The United States recorded its first confirmed Omicron variant case in San Francisco on Wednesday. The individual returned from South Africa on November 22 and reported mild symptoms, according to the U.S. Centers for Disease Control and Protection (CDC).
The individual had been fully vaccinated, with two doses of the Moderna vaccine, and has recovered from the symptoms.
That the first case was found in San Francisco is not a surprise to experts, as the city has been among the top in the country for sequencing positive tests throughout the pandemic.
Following the first reports from South Africa and Botswana of the variant last week, over 20 countries have detected new cases.
The discovery of the new variant coincides with an anticipated winter surge which the Biden administration has been prepping for.
In a call with reporters, senior White House officials said the administration will be targeting testing and boosters to help curb the spread of the virus.
The U.S. will now require stricter testing rules for all inbound travelers, regardless of citizenship or residency status, to include a mandatory negative test one day before departure to the U.S. In addition, insurers will be required to cover 100% the cost of at-home testing kits. Prior to this, consumers had been paying out of pocket for the kits, which range in price from $14 to more than $100. But details have yet to be ironed out.
The administration will also be launching family vaccination clinics, focusing on mobile and community health sites where all eligible ages in a family can be vaccinated at one time.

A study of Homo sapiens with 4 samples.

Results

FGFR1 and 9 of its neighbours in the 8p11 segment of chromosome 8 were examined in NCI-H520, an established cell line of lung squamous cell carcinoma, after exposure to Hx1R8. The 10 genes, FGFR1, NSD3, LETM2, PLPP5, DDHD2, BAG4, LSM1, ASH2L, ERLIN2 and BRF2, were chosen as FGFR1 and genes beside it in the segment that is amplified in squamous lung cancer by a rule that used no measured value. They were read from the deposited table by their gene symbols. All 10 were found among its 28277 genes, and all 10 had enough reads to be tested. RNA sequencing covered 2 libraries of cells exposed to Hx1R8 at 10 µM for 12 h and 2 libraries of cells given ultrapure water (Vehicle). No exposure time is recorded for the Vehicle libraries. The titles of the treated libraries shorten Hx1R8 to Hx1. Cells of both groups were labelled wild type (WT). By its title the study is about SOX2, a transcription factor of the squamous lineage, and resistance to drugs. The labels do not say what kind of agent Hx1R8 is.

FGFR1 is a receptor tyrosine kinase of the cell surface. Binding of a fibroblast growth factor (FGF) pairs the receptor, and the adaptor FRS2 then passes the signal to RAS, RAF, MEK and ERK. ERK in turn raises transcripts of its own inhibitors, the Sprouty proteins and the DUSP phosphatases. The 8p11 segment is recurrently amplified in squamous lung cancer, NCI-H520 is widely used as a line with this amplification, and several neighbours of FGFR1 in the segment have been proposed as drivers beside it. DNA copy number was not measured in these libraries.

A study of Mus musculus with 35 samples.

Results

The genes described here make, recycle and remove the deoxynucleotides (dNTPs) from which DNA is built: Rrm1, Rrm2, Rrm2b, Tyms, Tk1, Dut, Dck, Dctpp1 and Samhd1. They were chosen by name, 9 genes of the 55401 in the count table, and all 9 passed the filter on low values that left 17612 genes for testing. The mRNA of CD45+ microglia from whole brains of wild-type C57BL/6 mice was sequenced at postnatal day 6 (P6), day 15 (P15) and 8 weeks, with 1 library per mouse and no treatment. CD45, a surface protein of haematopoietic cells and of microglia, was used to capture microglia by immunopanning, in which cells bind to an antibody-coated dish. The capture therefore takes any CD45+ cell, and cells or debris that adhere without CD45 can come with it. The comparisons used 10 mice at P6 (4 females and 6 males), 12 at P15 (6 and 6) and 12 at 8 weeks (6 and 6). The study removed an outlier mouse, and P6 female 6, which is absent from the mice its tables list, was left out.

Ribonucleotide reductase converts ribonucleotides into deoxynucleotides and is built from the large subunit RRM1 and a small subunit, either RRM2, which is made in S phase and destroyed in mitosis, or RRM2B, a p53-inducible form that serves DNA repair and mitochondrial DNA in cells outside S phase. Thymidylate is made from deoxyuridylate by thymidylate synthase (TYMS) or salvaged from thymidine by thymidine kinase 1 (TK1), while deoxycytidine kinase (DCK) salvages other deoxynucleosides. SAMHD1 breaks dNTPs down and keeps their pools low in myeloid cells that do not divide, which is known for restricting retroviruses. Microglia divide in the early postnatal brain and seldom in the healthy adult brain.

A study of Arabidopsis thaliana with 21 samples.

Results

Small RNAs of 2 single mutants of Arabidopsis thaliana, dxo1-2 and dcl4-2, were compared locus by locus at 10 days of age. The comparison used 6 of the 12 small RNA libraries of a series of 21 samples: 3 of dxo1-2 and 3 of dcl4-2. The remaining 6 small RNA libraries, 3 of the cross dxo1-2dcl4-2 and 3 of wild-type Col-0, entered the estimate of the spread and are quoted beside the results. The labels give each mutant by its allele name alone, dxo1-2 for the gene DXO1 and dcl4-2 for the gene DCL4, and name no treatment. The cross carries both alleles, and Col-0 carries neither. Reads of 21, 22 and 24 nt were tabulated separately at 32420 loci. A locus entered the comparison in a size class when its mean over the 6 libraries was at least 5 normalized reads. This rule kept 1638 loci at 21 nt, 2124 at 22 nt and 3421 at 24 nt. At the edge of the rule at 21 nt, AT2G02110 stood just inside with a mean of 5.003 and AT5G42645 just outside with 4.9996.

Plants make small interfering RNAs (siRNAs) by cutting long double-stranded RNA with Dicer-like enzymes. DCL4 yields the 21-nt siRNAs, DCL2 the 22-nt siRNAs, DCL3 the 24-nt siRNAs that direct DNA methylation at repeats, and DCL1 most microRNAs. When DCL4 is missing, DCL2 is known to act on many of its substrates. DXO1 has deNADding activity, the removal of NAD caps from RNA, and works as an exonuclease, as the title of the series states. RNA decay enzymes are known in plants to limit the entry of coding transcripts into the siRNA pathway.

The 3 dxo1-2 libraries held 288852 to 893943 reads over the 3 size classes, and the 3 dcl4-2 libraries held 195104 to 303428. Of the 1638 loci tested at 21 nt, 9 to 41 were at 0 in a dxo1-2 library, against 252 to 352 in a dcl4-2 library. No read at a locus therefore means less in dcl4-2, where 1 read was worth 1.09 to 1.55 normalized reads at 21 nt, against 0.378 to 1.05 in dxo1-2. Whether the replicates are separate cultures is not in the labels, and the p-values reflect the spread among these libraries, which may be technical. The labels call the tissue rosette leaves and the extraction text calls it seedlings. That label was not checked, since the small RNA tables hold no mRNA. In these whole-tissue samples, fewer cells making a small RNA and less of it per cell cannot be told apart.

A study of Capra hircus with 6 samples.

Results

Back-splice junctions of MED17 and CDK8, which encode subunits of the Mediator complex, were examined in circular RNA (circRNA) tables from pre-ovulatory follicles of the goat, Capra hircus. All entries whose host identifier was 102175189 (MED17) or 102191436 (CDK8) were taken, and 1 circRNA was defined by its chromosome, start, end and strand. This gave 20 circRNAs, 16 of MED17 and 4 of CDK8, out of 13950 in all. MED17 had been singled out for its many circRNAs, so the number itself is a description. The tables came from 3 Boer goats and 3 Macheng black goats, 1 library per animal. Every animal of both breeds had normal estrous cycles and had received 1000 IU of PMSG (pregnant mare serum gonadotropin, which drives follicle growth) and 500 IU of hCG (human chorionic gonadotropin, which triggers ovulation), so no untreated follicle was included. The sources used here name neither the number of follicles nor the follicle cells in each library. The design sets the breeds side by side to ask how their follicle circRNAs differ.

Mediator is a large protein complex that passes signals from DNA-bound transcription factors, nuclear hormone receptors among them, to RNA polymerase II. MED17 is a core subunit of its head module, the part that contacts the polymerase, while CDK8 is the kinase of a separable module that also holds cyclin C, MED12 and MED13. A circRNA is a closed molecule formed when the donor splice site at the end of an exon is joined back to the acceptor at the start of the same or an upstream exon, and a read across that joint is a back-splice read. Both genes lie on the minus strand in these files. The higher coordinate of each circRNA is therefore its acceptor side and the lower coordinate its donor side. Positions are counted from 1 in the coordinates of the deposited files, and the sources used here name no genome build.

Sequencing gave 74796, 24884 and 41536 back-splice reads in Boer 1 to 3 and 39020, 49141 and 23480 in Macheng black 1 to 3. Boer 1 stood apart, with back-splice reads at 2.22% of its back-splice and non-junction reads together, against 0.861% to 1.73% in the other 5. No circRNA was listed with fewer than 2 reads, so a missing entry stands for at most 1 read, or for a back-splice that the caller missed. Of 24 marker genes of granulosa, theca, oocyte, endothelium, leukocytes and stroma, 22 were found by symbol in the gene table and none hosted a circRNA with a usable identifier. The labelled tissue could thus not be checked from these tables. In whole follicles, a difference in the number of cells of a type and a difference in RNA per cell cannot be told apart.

Meanwhile, vaccine makers announced efforts to begin work on a variant-specific shot.
"I don't expect in any scenario to be that we don't protect at all. Actually, that's very, very unlikely," Bourla told Bloomberg this week.
Sahin similarly told Reuters he expects the vaccine to hold up and that his bigger worry is people who have not been vaccinated.
"I think it’s going to be a material drop. I just don’t know how much because we need to wait for the data," he said.
However, some experts are wary of the rush to respond in light of scant data. In addition, the vaccines appear to still be able to protect against the worst effects of the virus.
Dr. Paul Offit, director of the Vaccine Education Center and attending physician in the Division of Infectious Diseases at Children’s Hospital of Philadelphia, told Yahoo Finance that the vaccines are likely to hold up against severe illness and prevent hospitalizations, even though the initial data was surprisingly good against milder infection.
"Where I think we got seduced ... was we had protected efficacy against mild symptoms of 95% (in Phase 3 data), and that was remarkably high. But remember that was three-month studies, that was not going to hold up in real life," Offit said.
He believes not enough attention is being paid to the long-term or durable protection from memory cells in the body. He and two former U.S. Food and Drug Administration heads penned an op-ed in the Washington Post to that effect.
Dr. Peter Hotez, Co-Director of the Center for Vaccine Development at Texas Children’s Hospital and Dean of the National School of Tropical Medicine at Baylor College of Medicine, believes that with three doses of mRNA, and two doses of the J&J vaccine, a person will likely have the right amount of protection against the new variant.
But Hotez is waiting on the data from CDC studies and real-world evidence from South Africa and other places.
"I always discount comments from pharma CEOs because that's for (the benefit of) shareholders," Hotez said.
Hotez thinks it's possible that both the Delta and Omicron variants could circulate simultaneously in the U.S. this winter.
Early clues about Omicron's impact have just begun to emerge this week. Reports from South Africa appear to indicate mild COVID-19 disease among the infected, and a report from Israel indicates the vaccines are holding up against the variant.
Offit believes that despite the alarming number of mutations in the variant, it could end up being more transmissible but cause less severe disease.
"If the virus becomes more contagious and less virulent, in many way that's what you want," he added.